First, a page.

Archive for January, 2012

Can retailers learn from a winning sports team?

OK, the following RetailWire post was written before Green Bay lost to the Giants yesterday. But the point is the same: An organization with a “culture of winning” (such as the Packers in this example) has something to teach businesses and esepcially retailers. Here’s my opinion:

Here’s a topic dear to my heart. (Go, Pack, Go!) Frankly, some of the “culture of winning” in Green Bay comes from its history and tradition, and it’s not necessarily something easy to replicate. In fact, the Packers went through a long dry spell (about 20 years) during which the “culture of winning” was absent. So any organization trying to capture this attitude (or recapture it) can’t just rely on past glories.

One of the unspoken keys to the Packers’ organizational strength right now is the sense of “ownership” (both real and intangible) by all of the stakeholders — fans, players, team leaders, the community. The Packers have a unique business model as a publicly owned team with thousands of shareholders, but it’s an attitude that many other organizations — retail or otherwise — should aspire to. In short, make sure that your executives, hourly associates, customers, vendors and other stakeholders are literally or figuratively “invested” in the success of the business.

Target: The rest of the news

As a followup to my post about Target and Apple, here’s a RetailWire comment about the other part of the story. Target is rolling out several specialty concepts to all of its stores (and online, I assume) in an ongoing effort to provide differentiated products. Here’s my point of view:

Selling unique, exclusive merchandise has been part of the Target formula for a long time, and this venture is certainly true to the brand position. It moves Target further away from the pure price-and-commodity positioning of the past couple of years (complete with its own mini-dollar store at the entrance).

But there are a couple of cautions for Target to consider: First, can the company forecast demand (and execute) more accurately than with some of its recent missteps like Missoni? Second, do “the Shops” truly reinforce Target’s value position, not just the “coolness factor”? If Target can succeed on both fronts, this looks like a winning idea.

Un-changing of the guard at Urban

After a tough year, Urban Outfitters reported that its CEO is being replaced (at least for now) by his predecessor, the founder of the company. It’s hard to know where this move will lead, but my RetailWire comment suggests that it can be tough to fill an entrepreneur’s shoes:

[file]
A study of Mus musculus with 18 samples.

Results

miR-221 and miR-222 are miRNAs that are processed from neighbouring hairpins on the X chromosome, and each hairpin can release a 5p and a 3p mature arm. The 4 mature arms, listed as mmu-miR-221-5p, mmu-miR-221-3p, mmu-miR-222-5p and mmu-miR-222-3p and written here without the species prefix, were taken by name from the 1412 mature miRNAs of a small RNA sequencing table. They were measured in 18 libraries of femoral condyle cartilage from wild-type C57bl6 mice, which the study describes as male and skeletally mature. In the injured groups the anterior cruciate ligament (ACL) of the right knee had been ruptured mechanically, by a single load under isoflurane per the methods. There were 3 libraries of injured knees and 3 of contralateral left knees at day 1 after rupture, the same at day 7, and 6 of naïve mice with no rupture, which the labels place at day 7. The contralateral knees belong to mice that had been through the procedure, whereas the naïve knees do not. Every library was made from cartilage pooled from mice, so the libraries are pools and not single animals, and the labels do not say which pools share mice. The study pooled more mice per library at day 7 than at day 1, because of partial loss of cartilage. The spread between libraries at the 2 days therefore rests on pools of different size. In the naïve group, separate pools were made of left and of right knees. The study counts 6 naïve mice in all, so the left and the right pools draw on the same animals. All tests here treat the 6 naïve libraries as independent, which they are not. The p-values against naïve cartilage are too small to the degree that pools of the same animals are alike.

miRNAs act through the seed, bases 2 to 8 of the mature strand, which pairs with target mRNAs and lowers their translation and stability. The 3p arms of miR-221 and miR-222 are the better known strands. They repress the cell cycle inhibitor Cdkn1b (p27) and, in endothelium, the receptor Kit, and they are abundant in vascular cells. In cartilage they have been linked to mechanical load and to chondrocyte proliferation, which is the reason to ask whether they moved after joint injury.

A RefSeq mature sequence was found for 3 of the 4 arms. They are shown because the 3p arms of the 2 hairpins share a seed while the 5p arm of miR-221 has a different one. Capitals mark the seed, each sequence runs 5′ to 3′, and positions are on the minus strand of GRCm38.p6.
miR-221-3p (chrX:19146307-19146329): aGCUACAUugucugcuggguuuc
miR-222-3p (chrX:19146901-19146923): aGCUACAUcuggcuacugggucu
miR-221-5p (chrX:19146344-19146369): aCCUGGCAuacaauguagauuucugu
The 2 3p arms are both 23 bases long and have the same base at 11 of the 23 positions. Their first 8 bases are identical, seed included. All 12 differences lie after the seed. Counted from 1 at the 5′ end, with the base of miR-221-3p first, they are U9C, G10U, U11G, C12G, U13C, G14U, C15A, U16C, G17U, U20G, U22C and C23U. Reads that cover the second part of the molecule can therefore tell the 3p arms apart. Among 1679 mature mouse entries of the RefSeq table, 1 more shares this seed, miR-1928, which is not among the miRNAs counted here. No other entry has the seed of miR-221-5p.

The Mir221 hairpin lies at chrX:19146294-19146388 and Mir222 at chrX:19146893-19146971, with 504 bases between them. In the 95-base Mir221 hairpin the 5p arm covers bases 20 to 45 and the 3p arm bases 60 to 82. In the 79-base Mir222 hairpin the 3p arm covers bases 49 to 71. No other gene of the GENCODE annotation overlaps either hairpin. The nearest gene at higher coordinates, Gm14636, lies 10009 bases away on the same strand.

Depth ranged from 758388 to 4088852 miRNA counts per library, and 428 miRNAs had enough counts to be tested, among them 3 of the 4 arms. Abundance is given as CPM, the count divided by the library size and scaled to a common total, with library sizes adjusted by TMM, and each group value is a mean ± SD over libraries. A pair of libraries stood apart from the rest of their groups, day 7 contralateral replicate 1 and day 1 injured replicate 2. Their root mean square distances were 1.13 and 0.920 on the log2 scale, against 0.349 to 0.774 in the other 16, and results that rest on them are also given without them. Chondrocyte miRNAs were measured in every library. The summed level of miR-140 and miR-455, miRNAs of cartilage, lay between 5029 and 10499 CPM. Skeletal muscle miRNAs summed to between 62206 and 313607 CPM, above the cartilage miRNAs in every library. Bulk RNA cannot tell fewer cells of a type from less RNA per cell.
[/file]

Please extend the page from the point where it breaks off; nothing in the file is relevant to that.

It’s obviously a period of uncertainty for Urban, not just because of its recent sales performance but also because of a failed transition at the top of the company. It’s also hard to say whether Mr. Hayne (the founder and former CEO of the company) is in place as a transitional figure before turning over the reins, or plans to stick around for awhile.

We’ve seen this sequence of events in many other companies: The founder can’t find a suitable successor, or he is unwilling to walk away. Without knowing the internal politics at URBN, it’s clear that the company is losing share in an environment where many other junior/trend retailers are doing well.

The Apple of Target’s eye?

Target has been in the news recently…first, with its announcement about expanded Apple “store within a store” setups in many of its locations, and more recently with its news about an array of specialty categories being rolled out nationwide. Here’s my RetailWire comment about the Apple initiative:

This looks like a win for both companies. There is nothing in the joint history of Apple and Target to suggest that a better in-store presentation will tarnish the brand. (After all, the product is already there and Target is not discounting it.) Provided that Target can execute close to the service standard of the Apple Store (maybe not complete with a Genius Bar), it’s a good way to expand Apple’s distribution in a controlled way.

Best Buy botches holiday fulfillment

A news story at the end of December got plenty of attention from RetailWire panelists: The failure of to fulfill Black Friday orders in several categories and (worse yet) their failure to notify customers until just before Christmas. Here’s my take on the situation:

While it’s not likely that Best Buy planned some sort of “bait and switch” maneuver, it leaves a disagreeable taste in its customers’ mouths. This is a failure on so many fronts: The worst offense is the lag time between order placement and cancellation. (At least Best Buy acknowledged this problem.) But it’s almost as negligent for Best Buy to have accepted orders in the first place — at narrow gross margins — that it was unprepared to fill.

Is the company’s inventory forecasting or IT management that bad? (Perhaps Best Buy hired the person that mismanaged the Missoni launch at Target in September.) An online apology and gift card is not going to rebuild trust in Best Buy anytime soon.